EFL tells clubs ‘next 48 hours are critical’ in talks to return fans to stadiums

The EFL has written to clubs outlining what happens next in discussions over the return of fans
The EFL has written to clubs outlining what happens next in discussions over the return of fans - (Copyright PA Archive)
16:11pm, Tue 15 Sep 2020

The government had set October 1 as the date when spectators could be allowed to return to venues at 25 per cent capacity on average, but that is under review after a spike in coronavirus cases nationwide.

The EFL’s head of policy John Nagle has written to the 72 member clubs setting out what happens next.

“We now understand that the next 48 hours are likely to be critical in terms of determining the direction of travel on this issue,” Nagle wrote in a letter which has been seen by the PA news agency.

EFL chairman Rick Parry will be involved in meetings with government - (Copyright PA Wire)

“Amongst other things, this will include a meeting between the Secretary of State for Digital, Culture, Media and Sport, Oliver Dowden MP and senior administrators from across sport, which will be attended by EFL chairman Rick Parry.”

The letter states that EFL clubs will make a collective loss of £200million if fans do not return in the 2020-21 season, and have already lost £50m in gate income from last term.

“Failure to (allow fans to return), or to at least provide any credible roadmap back to the return of fans in the near future, could have catastrophic consequences for many football clubs and the communities they represent,” the letter warned.

The EFL said on Tuesday it remains in talks with the government over staging pilot events – which are now limited to a maximum capacity of 1,000 – this month.

An EFL spokesman said: “The league is clear in its view that social distancing can be applied safely in football stadia and that having crowds at matches is an absolutely essential part of helping to protect club finances, which remain under extreme pressure.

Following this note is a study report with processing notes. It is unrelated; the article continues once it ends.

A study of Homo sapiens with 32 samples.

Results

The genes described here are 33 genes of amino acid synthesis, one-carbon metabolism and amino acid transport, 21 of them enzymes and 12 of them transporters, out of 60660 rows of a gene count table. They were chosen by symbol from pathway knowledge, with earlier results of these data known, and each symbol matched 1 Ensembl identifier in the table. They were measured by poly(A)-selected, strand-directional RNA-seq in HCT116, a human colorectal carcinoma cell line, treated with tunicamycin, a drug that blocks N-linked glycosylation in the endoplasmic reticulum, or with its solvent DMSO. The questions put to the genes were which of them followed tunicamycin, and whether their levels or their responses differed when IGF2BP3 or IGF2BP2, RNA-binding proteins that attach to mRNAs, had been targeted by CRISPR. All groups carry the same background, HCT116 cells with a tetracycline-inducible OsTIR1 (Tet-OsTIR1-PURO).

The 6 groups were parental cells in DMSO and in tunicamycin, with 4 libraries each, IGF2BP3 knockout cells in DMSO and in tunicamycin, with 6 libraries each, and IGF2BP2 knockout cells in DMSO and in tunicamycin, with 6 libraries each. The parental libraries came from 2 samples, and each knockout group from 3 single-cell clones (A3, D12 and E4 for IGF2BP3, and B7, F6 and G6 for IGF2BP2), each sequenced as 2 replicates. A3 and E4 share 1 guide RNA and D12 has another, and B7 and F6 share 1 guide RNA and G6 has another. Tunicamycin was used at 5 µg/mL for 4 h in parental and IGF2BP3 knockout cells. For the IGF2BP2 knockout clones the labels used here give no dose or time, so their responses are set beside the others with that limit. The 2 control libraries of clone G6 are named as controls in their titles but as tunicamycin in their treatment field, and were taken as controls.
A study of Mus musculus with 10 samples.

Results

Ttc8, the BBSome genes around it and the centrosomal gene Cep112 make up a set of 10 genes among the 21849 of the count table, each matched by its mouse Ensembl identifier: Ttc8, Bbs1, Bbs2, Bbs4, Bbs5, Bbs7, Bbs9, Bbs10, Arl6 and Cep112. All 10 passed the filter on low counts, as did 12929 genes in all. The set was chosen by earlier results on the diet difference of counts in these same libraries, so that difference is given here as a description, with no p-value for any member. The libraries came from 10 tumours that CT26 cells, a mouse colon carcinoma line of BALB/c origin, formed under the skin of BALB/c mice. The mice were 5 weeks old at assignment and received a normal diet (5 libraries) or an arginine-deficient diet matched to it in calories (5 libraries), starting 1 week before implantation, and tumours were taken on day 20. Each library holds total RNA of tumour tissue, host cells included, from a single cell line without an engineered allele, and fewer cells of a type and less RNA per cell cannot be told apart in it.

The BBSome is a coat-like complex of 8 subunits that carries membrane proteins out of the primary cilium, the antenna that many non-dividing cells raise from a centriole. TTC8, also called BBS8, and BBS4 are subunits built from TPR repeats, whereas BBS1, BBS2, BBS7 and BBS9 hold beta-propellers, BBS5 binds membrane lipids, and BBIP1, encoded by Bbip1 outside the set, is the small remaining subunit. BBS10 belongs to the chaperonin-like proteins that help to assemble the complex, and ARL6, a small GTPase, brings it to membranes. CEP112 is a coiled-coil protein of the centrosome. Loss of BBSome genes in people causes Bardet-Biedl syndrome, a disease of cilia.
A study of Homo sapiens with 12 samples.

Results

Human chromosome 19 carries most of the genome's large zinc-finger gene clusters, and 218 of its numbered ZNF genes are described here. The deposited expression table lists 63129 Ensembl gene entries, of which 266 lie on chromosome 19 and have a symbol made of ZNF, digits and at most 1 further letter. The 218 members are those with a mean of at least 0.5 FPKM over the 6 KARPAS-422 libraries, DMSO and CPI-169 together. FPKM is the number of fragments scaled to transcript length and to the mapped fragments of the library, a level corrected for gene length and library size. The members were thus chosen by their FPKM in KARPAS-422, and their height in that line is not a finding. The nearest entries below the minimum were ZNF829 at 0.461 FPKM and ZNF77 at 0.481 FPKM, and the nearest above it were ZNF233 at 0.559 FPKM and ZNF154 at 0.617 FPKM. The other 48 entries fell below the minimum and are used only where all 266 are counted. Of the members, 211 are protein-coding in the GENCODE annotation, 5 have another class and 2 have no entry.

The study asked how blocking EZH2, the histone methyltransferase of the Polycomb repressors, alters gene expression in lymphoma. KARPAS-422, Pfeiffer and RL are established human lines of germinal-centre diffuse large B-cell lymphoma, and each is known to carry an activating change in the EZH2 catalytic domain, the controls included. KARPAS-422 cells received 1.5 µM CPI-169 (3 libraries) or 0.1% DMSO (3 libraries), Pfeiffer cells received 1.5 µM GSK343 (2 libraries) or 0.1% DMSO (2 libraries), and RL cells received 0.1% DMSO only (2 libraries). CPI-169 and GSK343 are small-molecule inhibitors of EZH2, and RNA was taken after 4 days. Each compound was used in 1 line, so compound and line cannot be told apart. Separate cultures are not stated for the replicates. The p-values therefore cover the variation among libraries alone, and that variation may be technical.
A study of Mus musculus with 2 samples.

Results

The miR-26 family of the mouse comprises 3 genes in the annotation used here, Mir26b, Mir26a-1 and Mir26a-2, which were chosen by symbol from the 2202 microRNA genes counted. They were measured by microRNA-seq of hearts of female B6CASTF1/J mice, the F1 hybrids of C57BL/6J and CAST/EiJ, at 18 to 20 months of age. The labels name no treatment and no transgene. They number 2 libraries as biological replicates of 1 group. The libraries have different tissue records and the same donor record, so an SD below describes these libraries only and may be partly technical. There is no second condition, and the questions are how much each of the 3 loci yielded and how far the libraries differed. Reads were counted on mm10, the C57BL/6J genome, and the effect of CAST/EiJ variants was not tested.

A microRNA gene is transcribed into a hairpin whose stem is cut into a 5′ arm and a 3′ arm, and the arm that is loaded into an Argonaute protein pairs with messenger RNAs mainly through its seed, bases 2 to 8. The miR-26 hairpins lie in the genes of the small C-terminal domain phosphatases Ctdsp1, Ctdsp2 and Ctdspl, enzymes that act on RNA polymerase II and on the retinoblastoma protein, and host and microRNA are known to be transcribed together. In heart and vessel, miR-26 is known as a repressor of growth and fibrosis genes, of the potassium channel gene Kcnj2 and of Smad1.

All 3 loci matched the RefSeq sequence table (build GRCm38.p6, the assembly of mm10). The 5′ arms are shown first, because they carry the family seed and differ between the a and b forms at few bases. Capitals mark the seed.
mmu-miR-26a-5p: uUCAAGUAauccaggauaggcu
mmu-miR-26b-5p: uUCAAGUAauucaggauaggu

“Therefore, the successful delivery of further pilots will be an important step towards getting larger number of fans into grounds safely.

“The EFL will continue its dialogue with DCMS and the SGSA (Sports Grounds Safety Authority) to ensure that evidence and insight secured from these events helps to inform the government’s position on welcoming back supporters post October 1.”

Cambridge’s Sky Bet League Two fixture against Carlisle last Saturday had been earmarked as a pilot event capped at 2,000 capacity prior to the change in policy. However, the match had to be played behind closed doors when the 1,000 cap was imposed, because of concerns over fans attending with invalid tickets.

Premier League chief executive Richard Masters has talked about the financial consequences for his clubs if crowds remain severely restricted for the whole of the season - (Copyright PA Wire)

The Premier League has said its clubs will not participate in pilot events while capacity remains limited to 1,000, stating such events would be “heavily loss-making”.

It has written to the government urging it not to delay the return of spectators beyond October 1.

Premier League chief executive Richard Masters said last week that if capacities are capped at an average of 25 per cent for the whole of this season, his clubs would lose £547m.

He also said talks with the EFL over providing it with additional funds were continuing.

National League chairman Brian Barwick has also written to the Culture Secretary, and has asked the government for permission for fans to attend when its season kicks off on October 3.

Barwick said in a statement published on the league’s website: “The National League restart depends upon crowds being allowed back in stadiums as live attendance is our clubs’ largest source of income.

“The government urgently needs to set out a credible pathway for the safe return of supporters, and to ensure our football clubs can continue to function, and to perform their significant role in the sporting life of the country.

“We are proud to be a national competition with strong local connections.”